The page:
The Not-So-Perfect Storm
Twenty-six years ago, my husband and I embarked on a journey not all that uncommon for many people. We got married. Three years later, we welcomed our first son. Within four years, we had three sons. Life was full of change. Most of it was fun. Some of it was tiring and frustrating, and involved patiently (or not so patiently) waiting for the next phase of childhood. There were moms’ groups, field trips, baseball, soccer, basketball, band concerts, and piano recitals. My boys’ baptisms seemed to be quickly followed by confirmations, then graduations. And then it happened. They left.
For us, this transition was a whirlwind of an exodus that included a high school graduation, a college graduation, a wedding, a move nine hours away, a departure for boot camp, and a return to college seven hours away. This all occurred in under 90 days!
Our life had been comprised of school and church functions, sports, music, and volunteering. Our calendar was filled to the brim. And then it stopped. Abruptly. Shockingly. What now?
The house was hauntingly quiet. With three boys, quiet is not what we were used to. Our calendar was suddenly open. We had nothing that we had to attend. I can honestly say that I was unprepared for what was happening. I felt that I had lost my identity. I definitely went through a period of depression, a sense of loss, and grieving. I did not want this change in my life. I loved being a mom, being busy, volunteering, going to my children’s events, and seeing them regularly. But having said all of that, I really didn’t want my children to live with me forever, either!
I must admit that at first, I just didn’t want to think about it. I worked lots of hours, started cleaning out bedrooms (which stopped almost as fast as it started), tried to figure out how to cook for only two people, and felt lost. My children were gone, and a part of me left with them. Sure, they will return home when they can to visit, we will text and FaceTime, and we will travel to see them, but that will still leave plenty of time to fill.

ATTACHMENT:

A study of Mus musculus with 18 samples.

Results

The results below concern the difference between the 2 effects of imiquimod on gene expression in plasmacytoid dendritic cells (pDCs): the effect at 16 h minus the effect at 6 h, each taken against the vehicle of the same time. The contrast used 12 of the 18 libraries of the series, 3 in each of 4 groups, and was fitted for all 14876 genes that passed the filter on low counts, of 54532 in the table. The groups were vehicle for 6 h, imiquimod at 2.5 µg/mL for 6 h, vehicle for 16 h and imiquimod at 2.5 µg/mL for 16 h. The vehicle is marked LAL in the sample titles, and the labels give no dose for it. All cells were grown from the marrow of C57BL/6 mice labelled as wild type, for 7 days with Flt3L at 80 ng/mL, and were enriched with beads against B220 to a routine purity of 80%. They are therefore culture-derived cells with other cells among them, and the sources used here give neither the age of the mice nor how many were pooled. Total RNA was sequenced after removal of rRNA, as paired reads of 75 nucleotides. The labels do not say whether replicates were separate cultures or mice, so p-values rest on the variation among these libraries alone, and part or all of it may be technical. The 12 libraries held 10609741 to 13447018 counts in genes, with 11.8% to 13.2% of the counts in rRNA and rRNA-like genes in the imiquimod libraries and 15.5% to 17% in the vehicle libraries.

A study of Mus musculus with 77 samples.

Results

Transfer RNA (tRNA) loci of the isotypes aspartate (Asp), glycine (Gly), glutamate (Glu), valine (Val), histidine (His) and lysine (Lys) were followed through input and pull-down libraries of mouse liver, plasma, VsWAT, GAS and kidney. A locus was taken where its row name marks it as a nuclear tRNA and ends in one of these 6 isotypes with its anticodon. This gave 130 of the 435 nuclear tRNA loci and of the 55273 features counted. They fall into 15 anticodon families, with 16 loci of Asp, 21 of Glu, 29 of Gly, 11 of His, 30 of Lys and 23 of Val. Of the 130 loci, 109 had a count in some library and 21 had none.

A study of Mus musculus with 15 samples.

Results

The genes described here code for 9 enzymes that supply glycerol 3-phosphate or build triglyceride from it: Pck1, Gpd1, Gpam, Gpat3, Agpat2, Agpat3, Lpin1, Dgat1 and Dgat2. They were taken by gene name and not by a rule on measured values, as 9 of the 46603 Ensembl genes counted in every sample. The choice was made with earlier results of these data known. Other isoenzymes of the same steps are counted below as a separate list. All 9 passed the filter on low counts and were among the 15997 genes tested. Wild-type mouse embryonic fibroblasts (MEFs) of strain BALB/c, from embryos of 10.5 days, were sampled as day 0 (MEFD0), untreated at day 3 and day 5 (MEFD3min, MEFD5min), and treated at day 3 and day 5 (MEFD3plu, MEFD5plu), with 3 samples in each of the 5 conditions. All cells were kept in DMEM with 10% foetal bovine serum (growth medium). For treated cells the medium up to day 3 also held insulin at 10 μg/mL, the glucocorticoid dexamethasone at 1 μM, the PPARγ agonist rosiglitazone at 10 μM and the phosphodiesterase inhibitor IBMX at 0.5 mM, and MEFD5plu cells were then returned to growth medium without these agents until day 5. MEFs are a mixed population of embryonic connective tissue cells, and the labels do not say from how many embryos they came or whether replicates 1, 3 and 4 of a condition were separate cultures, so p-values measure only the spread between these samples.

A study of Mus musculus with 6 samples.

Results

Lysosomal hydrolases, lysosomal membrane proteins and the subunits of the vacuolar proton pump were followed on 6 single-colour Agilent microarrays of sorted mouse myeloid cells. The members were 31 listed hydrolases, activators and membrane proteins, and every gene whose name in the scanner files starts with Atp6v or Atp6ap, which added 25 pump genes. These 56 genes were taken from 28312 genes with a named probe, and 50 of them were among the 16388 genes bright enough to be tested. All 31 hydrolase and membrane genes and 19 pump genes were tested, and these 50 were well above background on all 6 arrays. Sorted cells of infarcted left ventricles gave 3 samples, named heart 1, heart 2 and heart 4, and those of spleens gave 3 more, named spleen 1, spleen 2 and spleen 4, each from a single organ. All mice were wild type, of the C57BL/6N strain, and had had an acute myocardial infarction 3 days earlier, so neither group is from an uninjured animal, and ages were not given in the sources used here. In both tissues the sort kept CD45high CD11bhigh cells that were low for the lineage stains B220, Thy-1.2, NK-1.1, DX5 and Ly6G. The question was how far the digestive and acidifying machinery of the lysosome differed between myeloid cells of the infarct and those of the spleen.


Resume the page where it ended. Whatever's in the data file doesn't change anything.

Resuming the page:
A former employer liked to say that he had an “opportunity” for me. Of course, this was his way of adding more to my already full plate, but I like challenges and I must admit that those opportunities took me to places that I never imagined going. So as I began to think about my new reality, I started to think about my opportunities. A Bible class topic regarding our true citizenship (Philippians 3:20) started me really thinking. Our time on earth is short. I prayerfully asked God for guidance and to show me how he wants me to serve in the next phase of my life.
So I have set about exploring my opportunities. Some of them are more for me, such as reviving my neglected garden, training for a half-marathon, and completing projects around the house that I simply did not have the time to get to. I am planning, putting the time on my calendar, and setting deadlines for completion. While all of the above are enjoyable to me, I know that I need something more. God has given me (and you) talents and abilities that we are expected to use faithfully. In Matthew 25, Jesus tells the parable of the talents. He tells us to be faithful, and promises to give us even more in return.
So through much prayer and contemplation, I am going to take some time to really look at my opportunities and make the best decisions that I can as to how to serve. I want to make wise decisions with my time, talents, and treasures. In her book The Best Yes: Making Wise Decisions in the Midst of Endless Demands, Lysa TerKeurst says, “Imagine this opportunity as an amazingly attractive but fast-moving river. There is so much that looks extremely appealing about this river, you’re going to be tempted to jump right in. But once you are in the river, you have diminished your ability to make decisions. That river is moving so fast that it will take you where it is going. And if you haven’t carefully traced out in advance whether you want to go through and to the places that river flows, you’ll be in trouble.”
The last thing I want is to fill my schedule with busyness and miss the point of why I am committing to something, or end up neglecting those that I love as a result. I plan to take time to assess what I really enjoy, what I am good at, where I think I can BEST serve. I am going to try out a few opportunities without a long-term commitment to see if we are a good fit. And I will pray that God guides me in making decisions that ultimately serve Him and His kingdom.
In the meantime, here is a short list of action items that have helped me realize that each phase of life gives us opportunities to explore and grow in our faith and our ability to serve:
- Prayer—I have many opportunities to pray for my children as they find spouses, pursue careers, struggle with their own challenges, and celebrate the blessings of God.
- Reconnecting with my husband—Time together was extremely rare. We now have lots of it! I have noticed our interactions shifting from conversations solely about our children to conversations about us and plans for our future.
- Hobbies—I can pursue hobbies that I used to enjoy, or explore new ones that I simply wasn’t able to until now.
- Exercise—Signing up for a race gives me a deadline and commits me to training. I realize that this is not for everyone, but committing to regular daily exercise has so many benefits, including better physical and mental health.
- Travel—Since our children now live far away, we have places to go and explore!
- Volunteer—I can look for opportunities to serve and commit to helping others, whether they are small, one-time commitments, or commitments in a greater capacity.
Change is hard. Change is scary. Change is inevitable. But be still (Psalm 46:10). Listen. God will be there through it all.